Car accidents and teenagers have a long and unfortunate history.

The Three Top Reasons Why Teens Crash Cars

Teens are over four times more likely to get into a car accident than older drivers, and car accidents are the leading cause of death among teens ages fifteen to twenty.

Why are teenagers and car accidents so closely linked? There are at least three significant reasons.

Car Accidents and Teenagers #1: Inexperience

A seasoned driver knows, among other things, that it’s necessary to look twice at stop signs, that even if you have the green light you shouldn’t automatically assume the other drivers are going to stop, that blind spots can keep you from seeing cars in other lanes, and that pedestrians—especially children—can be unpredictable.

This isn’t information gleaned from Driver’s Education. It’s learned the hard way, through experiencing and witnessing accidents and close calls. Teenagers haven’t been driving long enough to have gained this vital experience. Therefore, they are more likely to make naïve mistakes that can cost them dearly.

Car Accidents and Teenagers #2: Distraction

Multi-tasking has become a lifestyle for many teens. If you’ve ever seen a teenager simultaneously work on a homework assignment, eat a piece of pizza, chat on the phone with a friend, and listen to an iPod, then you have to admit they’ve gotten pretty good at it.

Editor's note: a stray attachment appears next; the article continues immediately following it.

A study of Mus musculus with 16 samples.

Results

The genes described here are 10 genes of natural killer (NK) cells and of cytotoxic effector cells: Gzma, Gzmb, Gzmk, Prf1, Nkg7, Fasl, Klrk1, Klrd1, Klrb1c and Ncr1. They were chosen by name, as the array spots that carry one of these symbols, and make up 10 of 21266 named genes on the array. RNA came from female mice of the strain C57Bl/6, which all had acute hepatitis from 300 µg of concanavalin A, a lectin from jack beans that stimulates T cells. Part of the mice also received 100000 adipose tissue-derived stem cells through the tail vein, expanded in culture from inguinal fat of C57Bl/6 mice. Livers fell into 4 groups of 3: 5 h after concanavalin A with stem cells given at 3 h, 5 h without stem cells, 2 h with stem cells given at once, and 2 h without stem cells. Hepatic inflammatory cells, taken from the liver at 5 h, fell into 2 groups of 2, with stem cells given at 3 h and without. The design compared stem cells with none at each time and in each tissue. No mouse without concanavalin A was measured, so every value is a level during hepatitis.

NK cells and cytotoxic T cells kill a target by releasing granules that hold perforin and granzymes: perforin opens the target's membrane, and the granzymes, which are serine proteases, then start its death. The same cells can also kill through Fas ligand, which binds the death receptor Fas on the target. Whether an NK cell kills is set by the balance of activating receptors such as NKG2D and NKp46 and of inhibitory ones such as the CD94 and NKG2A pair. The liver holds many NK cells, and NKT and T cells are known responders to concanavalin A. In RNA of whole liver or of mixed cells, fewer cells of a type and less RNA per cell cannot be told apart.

But multi-tasking doesn’t work so well for young drivers. Even experienced drivers often have accidents when they let their attention slip away from the road, and teens who become momentarily distracted by settling a debate between friends, changing the radio station, or extracting fast food from the bag are especially likely to have accidents because they do not have the experience to know how to keep a close call from becoming a collision.

Car Accidents and Teenagers #3: Alcohol

Nearly a quarter of teenagers killed in car accidents were found to be intoxicated. Alcohol causes accidents because it inhibits judgment and perception. Suddenly, going 80 miles per hour on a slick road or trying to pass another car on a hill seems like a good idea. The results are often tragic.

These three factors: inexperience, distraction, and alcohol seem to be the top players when it comes to car accidents and teenagers. Parents can help reduce their teenager’s risk of being in a car accident by telling their teens about these factors, making sure their teens get plenty of supervised driving practice, and initially setting strict rules about driving, such as no friends in the car or no eating in the car.